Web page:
Could reading / deleting / moving a large number of Google Drive files cause the calls quota to be exceeded?

I have about half a million text files on Google Drive. Using rclone in Windows 10 x64, a virtual disk is connected, the default settings from the instructions were used. API key has been received and connected. Google One 2 TB tariff. Windows Explorer, FAR Manager 3.0 ("Use system copy routine" is on), Total Commander 10 are used to work with files.

I'm wondering which of the following operations might cause Google to throttle?

  1. calculating the size of folders with tens and hundreds of thousands of files (for example, when the "Show total copy progress indicator" option is enabled in FAR);
  2. search for duplicates using the AllDup application (selected "File extension" and "File size" only);
  3. one-time deletion of tens of thousands of files using the AllDup application;
  4. search for empty and almost empty folders using the "Remove Empty Directories" application;
  5. mass deletion of tens of thousands of folders and files less than 1 KB using the "Remove Empty Directories" application;
  6. one-time bulk moving of thousands of small files within one cloud storage.

rclone v1.55.1
os/type: windows
os/arch: amd64
go/version: go1.16.3
go/linking: dynamic
go/tags: cmount

rclone.exe mount Google_Drive: h:

PS: The fact is that I do not know
7. what information about files Google gives to local file managers via the API / rclone without having to download a file, and
8. whether it is really true that when transferring within one virtual disk mounted with rclone, only the file address changes, but not is it downloading, deleting, and uploading to a new location?

I beg your pardon for the list of questions, but in our case they relate to the only problem that I described here, and to which I have not yet found an exhaustive answer. Also, perhaps they are more related to the peculiarities of the work of specific user applications, and the question should be asked to their developers. Unfortunately, they can send back to this resource, and they will also be right.

It seems to me that the discussion of the optimal rclone settings for our tasks is better placed in a separate topic?

1-5 are all just quota calls and without seeing any logs, it's hard to tell if you hit an issue or not. The normal quota limits are like 1 billion per day so it's unlikely you can ever hit that. You can check your quota page and see how you are doing and if you hitting are quota API related errors. Those are normal at times and happen and rclone backs off as it should.

6 - I'm not sure what you mean by One Cloud Storage. Google drive moving things usually do not hit any quotas. There is a documented 750 GB upload daily quota per user and a bunch of undocumented download quotas. Moves would be server side and consume nothing though other than API calls.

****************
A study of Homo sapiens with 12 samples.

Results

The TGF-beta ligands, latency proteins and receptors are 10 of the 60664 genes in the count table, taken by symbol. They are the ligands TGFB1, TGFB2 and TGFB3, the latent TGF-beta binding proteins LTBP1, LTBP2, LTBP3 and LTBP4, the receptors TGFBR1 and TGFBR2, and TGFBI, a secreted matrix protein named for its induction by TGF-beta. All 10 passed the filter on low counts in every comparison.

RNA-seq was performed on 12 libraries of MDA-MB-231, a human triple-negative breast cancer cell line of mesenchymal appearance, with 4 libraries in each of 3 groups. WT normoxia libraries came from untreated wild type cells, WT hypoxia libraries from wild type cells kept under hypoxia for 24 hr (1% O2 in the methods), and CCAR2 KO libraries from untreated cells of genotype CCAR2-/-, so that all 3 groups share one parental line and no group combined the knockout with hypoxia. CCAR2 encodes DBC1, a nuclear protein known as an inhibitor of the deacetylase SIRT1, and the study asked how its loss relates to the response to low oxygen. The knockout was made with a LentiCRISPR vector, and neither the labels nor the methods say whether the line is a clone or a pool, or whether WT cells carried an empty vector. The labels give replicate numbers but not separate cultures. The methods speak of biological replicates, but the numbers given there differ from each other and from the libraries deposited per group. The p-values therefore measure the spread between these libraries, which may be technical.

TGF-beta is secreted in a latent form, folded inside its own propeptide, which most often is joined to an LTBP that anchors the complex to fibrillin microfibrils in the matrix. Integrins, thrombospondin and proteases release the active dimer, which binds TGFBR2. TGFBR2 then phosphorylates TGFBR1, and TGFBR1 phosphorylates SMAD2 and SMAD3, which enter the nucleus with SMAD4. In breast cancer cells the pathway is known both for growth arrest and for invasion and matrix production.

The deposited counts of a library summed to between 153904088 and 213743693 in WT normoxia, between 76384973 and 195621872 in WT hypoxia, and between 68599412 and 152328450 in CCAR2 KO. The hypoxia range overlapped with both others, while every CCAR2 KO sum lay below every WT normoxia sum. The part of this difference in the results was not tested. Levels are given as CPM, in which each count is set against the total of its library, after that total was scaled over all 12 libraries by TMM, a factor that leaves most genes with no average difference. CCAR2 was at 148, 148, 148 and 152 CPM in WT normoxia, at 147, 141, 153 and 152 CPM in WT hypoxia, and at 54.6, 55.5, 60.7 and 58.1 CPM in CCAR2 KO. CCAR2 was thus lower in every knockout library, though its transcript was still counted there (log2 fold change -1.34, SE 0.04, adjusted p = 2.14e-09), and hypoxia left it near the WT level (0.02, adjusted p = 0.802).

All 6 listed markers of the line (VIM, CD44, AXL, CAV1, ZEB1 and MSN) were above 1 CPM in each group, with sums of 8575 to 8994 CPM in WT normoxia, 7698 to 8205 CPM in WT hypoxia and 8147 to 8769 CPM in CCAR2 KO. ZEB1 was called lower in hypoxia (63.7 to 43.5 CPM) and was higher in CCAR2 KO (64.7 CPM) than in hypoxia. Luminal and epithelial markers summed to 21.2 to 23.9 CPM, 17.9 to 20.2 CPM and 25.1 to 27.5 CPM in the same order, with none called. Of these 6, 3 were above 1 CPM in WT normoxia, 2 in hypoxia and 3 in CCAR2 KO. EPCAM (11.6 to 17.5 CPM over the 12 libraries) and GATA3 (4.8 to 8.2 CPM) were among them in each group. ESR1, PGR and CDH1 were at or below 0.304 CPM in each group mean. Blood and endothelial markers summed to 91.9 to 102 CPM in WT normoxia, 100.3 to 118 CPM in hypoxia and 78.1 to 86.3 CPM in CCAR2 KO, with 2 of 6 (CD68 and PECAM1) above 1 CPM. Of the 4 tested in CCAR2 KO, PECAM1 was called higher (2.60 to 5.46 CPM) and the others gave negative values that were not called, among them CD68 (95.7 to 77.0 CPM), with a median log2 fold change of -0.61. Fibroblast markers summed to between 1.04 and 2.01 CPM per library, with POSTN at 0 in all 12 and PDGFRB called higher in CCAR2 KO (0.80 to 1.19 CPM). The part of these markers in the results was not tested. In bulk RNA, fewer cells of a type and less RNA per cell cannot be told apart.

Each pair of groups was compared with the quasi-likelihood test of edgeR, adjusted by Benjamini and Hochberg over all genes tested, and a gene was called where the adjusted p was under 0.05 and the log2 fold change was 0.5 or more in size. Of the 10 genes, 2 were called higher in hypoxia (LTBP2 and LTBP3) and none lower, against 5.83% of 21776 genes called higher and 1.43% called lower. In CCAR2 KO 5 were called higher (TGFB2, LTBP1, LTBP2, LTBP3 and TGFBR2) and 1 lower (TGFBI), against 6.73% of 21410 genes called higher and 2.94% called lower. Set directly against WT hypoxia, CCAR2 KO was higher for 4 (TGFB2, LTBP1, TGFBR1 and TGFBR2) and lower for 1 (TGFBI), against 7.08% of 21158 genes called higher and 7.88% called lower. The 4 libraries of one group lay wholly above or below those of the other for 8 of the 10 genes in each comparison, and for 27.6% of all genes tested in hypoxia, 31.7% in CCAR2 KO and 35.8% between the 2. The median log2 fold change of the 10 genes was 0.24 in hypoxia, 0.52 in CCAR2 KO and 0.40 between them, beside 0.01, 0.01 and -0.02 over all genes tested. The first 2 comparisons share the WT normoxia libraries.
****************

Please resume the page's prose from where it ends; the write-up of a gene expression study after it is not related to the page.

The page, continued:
1. Not sure what you mean by this. If you have a mount, you can see the metadata on a file without downloading it. If you want to read any parts of the file, you would download those parts.

  2. You mean a rclone mount? I'm not sure what a virtual disk means here. If you have a mount, it's back to 7 and you only download what you request to be read.

Are there any errors you have?

Yes, you read that correctly - I'm talking about moving objects within the Google Drive of one Google account. As opposed to moving between mounted drives of different google accounts.

And again, you understood me correctly, and answered the question. Simply, the X-plore File Manager app for Google Android can only collect data for several hours to start transferring thousands of files. So, I assumed that the information provided to third-party applications via the API may not have the size, or some other data, without which it is impossible to start moving files immediately after receiving a command from the user.

Yes.

You seem to have already answered this question earlier. If the Google Drive is mounted in Windows as a logical drive, the process of moving any number of files of any size within this drive occurs only on the server side, and should occur almost instantly. At the same time, Internet traffic is almost not consumed. Once again, the original location and destination of all files are on the rclone-mounted disk. Regardless of the file manager used for this transfer. Right?

Unfortunately, now at work there is no time left for experiments. I had to download the entire archive, and work with it the old fashioned way, through shared network folders.

I wouldn't guess what certain apps may or may not do so it depends on that app. I'm referring more so to rclone commands like copy/move and things that normally do a copy or move on a mount. If a certain tool does something odd, I can't speak to every application out there.

As I shared above, generally yes, but every application can do things how they want so I wouldn't say 'all'.